COMMENT: The Barcelona forward suffered a fractured vertebra in the win over Colombia on Friday and his World Cup is over. Without him, the hopes of the Selecao seem slimBy Ben Hayward in Belo Horizonte
Brazil's worst fears have been confirmed. When Neymar left the pitch against Colombia on a stretcher on Friday following a reckless challenge by Juan Zuniga, a nation held its breath. But just two hours later, team doctor Rodrigo Lasmar told the Brazilian public on live television just what they didn't want to hear: Neymar was out of the World Cup.
So forget a rapid return on Tuesday for the semi-final against Germany or a possible recovery in time for the final on July 13th. Neymar has a fractured vertebra and will be sidelined for between four and six weeks. His World Cup is over. And without him, Brazil's campaign may also be finished.
"It's a dream [to play in the next round], but we're a bit sad Neymar is out of the competition," David Luiz said after the game. "He's a great guy, a great person and a great player. He brings good things to football. Everyone feels a bit sad because he's like a brother to me. We'll try to win the competition for Brazil. It would be great if we can win and celebrate with him."
Earlier, in the post-match press conference, coach Luiz Felipe Scolari had been pessimistic. "Everyone knew that Neymar was going to be hunted," he said. "He was kneed on his lower back and he was crying out in pain and I can guarantee that it won’t be easy for him to recover, based on what the doctor told us and the pain he’s in."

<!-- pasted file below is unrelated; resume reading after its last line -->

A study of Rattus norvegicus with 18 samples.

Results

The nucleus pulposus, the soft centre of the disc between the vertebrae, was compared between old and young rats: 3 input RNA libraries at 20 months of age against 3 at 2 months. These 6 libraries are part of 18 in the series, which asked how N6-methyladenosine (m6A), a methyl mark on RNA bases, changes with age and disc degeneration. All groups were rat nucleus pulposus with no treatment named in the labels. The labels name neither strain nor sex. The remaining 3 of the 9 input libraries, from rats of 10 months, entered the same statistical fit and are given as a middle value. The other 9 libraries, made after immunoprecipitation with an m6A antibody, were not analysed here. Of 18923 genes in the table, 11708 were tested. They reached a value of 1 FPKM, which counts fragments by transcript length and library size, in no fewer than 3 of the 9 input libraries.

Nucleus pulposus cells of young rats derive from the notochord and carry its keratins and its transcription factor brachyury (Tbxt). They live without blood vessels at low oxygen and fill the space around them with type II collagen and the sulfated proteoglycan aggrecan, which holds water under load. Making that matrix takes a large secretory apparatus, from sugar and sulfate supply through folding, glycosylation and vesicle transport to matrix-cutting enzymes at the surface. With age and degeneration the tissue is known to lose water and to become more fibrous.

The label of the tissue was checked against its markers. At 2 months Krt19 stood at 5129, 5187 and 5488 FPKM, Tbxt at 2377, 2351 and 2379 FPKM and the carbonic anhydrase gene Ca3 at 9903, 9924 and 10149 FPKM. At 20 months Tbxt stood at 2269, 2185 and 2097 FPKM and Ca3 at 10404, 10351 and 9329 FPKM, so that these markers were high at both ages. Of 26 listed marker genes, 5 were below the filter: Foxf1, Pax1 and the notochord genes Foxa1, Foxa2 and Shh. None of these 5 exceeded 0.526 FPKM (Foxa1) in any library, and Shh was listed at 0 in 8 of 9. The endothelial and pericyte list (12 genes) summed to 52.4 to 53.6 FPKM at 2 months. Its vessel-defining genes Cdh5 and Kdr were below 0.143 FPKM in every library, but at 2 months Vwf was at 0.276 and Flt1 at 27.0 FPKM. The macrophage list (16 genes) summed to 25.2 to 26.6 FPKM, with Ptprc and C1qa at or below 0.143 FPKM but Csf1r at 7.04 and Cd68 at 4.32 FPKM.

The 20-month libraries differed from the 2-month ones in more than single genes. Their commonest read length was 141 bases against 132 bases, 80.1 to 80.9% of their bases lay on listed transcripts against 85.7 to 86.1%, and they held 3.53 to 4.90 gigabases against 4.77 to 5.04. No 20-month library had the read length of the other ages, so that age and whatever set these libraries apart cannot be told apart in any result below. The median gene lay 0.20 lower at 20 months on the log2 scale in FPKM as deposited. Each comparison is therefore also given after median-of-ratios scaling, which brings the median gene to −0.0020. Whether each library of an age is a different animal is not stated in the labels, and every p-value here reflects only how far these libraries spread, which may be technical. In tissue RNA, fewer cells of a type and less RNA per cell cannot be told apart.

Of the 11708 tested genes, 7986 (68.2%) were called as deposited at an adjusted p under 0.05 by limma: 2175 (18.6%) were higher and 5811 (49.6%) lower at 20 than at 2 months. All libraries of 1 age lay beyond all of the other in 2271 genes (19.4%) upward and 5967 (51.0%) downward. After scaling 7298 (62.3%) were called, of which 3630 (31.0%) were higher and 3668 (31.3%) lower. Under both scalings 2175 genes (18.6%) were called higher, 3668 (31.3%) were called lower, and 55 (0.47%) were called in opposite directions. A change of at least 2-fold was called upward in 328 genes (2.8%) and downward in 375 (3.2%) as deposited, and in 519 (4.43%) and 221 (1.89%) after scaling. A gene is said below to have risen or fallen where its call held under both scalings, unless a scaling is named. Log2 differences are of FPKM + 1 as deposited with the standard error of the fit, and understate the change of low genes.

However, the Brazil boss claimed his side could cope without the 22-year-old. "If anything has to change, we’ll do that and we’ll play a great game [against Germany]," he explained. That, however, will be easier said than done.
Neymar was Brazil's best player by far in the group games, scoring four goals in the wins over Croatia and Cameroon. He also hit home what turned out to be the winning penalty in the shootout against Chile following a 1-1 draw earlier this week. In an efficient and workmanlike side, the 22-year-old was unquestionably the shining star - the man making the difference.
But now he is gone - and there is no real replacement within the squad. The one Brazilian player with the 'X-factor' Neymar brings to the table is Ronaldinho, but Scolari gave up on the former Barcelona forward a long time ago. Likewise Kaka. In Neymar's absence, Felipao looks likely to turn to Chelsea's Willian, while Bernard is another alternative and Scolari could also opt for a formation change - although that seems unlikely.
Germany are up next in Belo Horizonte on Tuesday and on the evidence of Brazil's previous performances in this tournament, Joachim Low's men have little to be afraid of - especially without Neymar. Brazil remain a strong side, but with their best player out, much of the fear factor will also be missing.
Scolari is set to opt for a European-style, high-tempo pressing and passing game, placing his faith in a strong collective more than ever before. But with Thiago Silva suspended against Germany and Neymar now sidelined for the remainder of the competition, Brazil face a tremendous task if they are to win this World Cup. Right now, it looks a little too much to ask.